As a child, I was constantly getting my hands dirty with bruises and grass stains were a constant feature on my legs. I was a tree climber, a rock runner, the kid who had to be kept on a leash. I was always skinning my knees and getting myself into situations I had trouble getting out of, like getting stuck up trees. One time I ran straight into a busy street full of cars (hence the leash).
It was during the summer of sixth grade that things started escalating. I didn’t like the way I looked in a bathing suit, I didn’t like the way my mouth looked when I smiled. I didn’t like my teeth, but I didn’t like how I might look with braces. I didn’t like being outside. I didn’t like swimming anymore, something I had done competitively since fourth grade. I couldn’t find my passion anymore. The thought popped into my mind: what if I was depressed?
“Of course you’re not depressed. You could be one of those starving kids in Africa,” is all my dad had to say about my signs of depression. I left the conversation there and went on with my life, quietly loathing everything I did. I grew distant from my friends and found myself shrinking further into the dark recesses of my mind.
This little bead of heaviness and depression grew and grew. The only way I knew to release the tension was via angry fits at my parents. These became more common and intense, developing into blind rages that I had a hard time remembering.
I was told I threw lamps at walls and a phone at my dad’s head. I was told I threatened to kill myself on multiple occasions.
After my guidance counsellor found a suicide note in my backpack, I was sent to hospital and on to the “psych ward.” I was admitted on a Wednesday, and I left on Monday and it was quite an education. I learned about heroin use and how to lie to loved ones. I was taught that self-harm releases emotions – by a girl with a broken piece of bathroom tile.
After that I was placed on an outpatient program and given a cocktail of antidepressants that turned me into a zombie. It was here I smoked my first cigarette; saw my first drug deal; took my first sip of fireball whiskey. It seemed less about therapy and more about hanging out with exotic risk-takers.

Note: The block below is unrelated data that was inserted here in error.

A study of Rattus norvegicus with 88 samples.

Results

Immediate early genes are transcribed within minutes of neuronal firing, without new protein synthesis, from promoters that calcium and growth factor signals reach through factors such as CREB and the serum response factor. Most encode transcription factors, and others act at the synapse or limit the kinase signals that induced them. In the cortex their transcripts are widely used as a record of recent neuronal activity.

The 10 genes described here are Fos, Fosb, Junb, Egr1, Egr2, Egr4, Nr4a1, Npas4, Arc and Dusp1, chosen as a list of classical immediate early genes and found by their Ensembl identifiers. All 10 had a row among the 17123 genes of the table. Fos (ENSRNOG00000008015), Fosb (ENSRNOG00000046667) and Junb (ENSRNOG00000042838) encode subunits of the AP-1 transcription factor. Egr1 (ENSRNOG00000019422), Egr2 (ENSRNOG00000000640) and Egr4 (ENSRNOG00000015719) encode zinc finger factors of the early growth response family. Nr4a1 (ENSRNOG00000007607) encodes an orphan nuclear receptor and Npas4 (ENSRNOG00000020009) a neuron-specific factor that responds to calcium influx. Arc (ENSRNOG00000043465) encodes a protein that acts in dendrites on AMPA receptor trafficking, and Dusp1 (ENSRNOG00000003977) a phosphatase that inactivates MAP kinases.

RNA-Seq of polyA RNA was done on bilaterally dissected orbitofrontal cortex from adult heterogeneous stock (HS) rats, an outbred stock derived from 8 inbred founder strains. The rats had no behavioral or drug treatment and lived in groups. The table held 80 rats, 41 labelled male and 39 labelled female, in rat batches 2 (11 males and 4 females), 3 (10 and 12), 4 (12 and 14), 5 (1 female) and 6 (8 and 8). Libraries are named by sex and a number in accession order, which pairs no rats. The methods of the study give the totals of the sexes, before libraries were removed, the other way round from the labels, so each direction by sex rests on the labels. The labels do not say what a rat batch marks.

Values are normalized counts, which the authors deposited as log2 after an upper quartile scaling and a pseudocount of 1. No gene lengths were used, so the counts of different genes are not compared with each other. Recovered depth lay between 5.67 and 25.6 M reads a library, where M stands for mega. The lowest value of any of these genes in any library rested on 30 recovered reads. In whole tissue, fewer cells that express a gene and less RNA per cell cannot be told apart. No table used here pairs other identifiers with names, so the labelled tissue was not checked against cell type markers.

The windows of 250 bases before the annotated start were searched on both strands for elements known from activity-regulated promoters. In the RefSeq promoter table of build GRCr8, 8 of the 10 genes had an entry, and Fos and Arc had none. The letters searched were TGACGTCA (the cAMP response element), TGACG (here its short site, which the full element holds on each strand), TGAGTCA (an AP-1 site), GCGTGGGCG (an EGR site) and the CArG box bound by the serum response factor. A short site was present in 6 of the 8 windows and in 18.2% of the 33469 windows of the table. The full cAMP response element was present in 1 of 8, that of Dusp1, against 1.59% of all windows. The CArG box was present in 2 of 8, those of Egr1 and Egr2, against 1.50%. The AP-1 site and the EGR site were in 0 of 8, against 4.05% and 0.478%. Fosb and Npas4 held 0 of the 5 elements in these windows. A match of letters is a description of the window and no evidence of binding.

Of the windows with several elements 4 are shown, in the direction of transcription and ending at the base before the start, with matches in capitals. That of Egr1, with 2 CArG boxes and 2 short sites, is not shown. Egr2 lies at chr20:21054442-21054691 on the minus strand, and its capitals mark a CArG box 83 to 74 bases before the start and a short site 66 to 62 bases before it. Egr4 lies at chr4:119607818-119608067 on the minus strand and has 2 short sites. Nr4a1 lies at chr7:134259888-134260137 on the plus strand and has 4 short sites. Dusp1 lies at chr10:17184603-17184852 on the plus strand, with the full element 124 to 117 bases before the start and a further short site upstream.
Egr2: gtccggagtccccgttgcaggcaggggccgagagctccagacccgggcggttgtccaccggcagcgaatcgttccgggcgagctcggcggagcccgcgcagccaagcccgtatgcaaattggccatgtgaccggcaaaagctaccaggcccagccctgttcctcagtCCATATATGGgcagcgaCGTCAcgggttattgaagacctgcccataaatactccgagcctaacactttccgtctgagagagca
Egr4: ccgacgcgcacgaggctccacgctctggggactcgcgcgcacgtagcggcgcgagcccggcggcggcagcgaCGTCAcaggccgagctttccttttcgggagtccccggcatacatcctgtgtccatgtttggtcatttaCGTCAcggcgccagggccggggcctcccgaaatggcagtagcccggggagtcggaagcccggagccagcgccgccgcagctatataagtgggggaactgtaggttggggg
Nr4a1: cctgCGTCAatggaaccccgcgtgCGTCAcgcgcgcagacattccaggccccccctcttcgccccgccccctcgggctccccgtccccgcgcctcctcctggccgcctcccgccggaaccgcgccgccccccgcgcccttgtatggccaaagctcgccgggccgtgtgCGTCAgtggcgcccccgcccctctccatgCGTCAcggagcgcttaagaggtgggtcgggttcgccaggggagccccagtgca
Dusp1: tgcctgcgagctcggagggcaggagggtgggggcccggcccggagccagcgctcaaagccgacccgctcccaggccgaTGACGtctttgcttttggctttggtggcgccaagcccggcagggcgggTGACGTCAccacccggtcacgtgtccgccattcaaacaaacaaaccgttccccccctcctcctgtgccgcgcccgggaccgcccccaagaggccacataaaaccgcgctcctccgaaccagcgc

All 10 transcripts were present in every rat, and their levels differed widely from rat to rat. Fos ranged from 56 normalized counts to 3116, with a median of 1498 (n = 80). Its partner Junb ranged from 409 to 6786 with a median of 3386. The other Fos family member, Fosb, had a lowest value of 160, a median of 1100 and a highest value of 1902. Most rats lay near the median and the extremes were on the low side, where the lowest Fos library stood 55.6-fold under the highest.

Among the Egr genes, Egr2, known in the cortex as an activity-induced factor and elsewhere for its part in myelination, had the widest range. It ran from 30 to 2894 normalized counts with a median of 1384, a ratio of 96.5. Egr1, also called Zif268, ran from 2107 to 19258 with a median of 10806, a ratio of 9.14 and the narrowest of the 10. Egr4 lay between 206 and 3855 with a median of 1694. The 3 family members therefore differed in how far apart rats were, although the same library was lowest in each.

But all good things come to an end. A month later, back at home, I tried to kill myself with a mix of orange juice, vodka, half a month’s supply of antidepressants and some oxycodone I found in a bathroom cabinet. To this day, orange juice tastes like vomit and bad times.
After that failed attempt, life went on. Every few days I’d fly into another blind fit of anger and when it was over my family would tiptoe around me, constantly on eggshells. The worst rage I ever flew into was in West Virginia. I don’t really remember much about what happened but I know that during that time my family was scared for my life and, occasionally, their own.
Three weeks later I was dispatched into the middle of nowhere (Trails Carolina, to be specific). I spent the next three months living in a temperate rain forest in the same clothes and sleeping bag. My feet bled, mosquito bites got infected and I would puke plain red quinoa every Wednesday. I didn’t brush my hair or shower once in 90 days. I hugged a stick every night in my sleeping bag, pretending it was a person.
When my time was done, I assumed I was coming home but it wasn’t to be. I was driven straight to a special school in Arizona. The rules were strict, and some of the staff seemed to have it in for some girls.
Everyone had a different story. Some wanted to be free to binge and purge as they wanted; some to get high and lose themselves in drugs; others to be with the boyfriend who showed love with his fists. But we all wanted to go home. We missed our parents, brothers, sisters, friends and pets.
The girls at the school all felt like mistakes. It didn’t matter how many times we were told we were merely the symptom of a nonworking family system. That the rest of our families had the same struggles we did. It didn’t change the fact that we were the ones who had been sent away.
Our families weren’t being scrutinized every second of the day, supervised as they slept. They were at home, they had each other. We had no one. Or so I thought. Over time, my therapy group became like a second family, sharing tears over the assault, the addiction, the suicide ideation, the rape. This teen family understood what I was going through more than my family ever could.
Don’t get me wrong. I wouldn’t change my Mom, my Dad, my sister for anything in the world. They may never know what I went through, they may have made mistakes. But they helped me the best way they knew how. They’re my family, and they’re irreplaceable.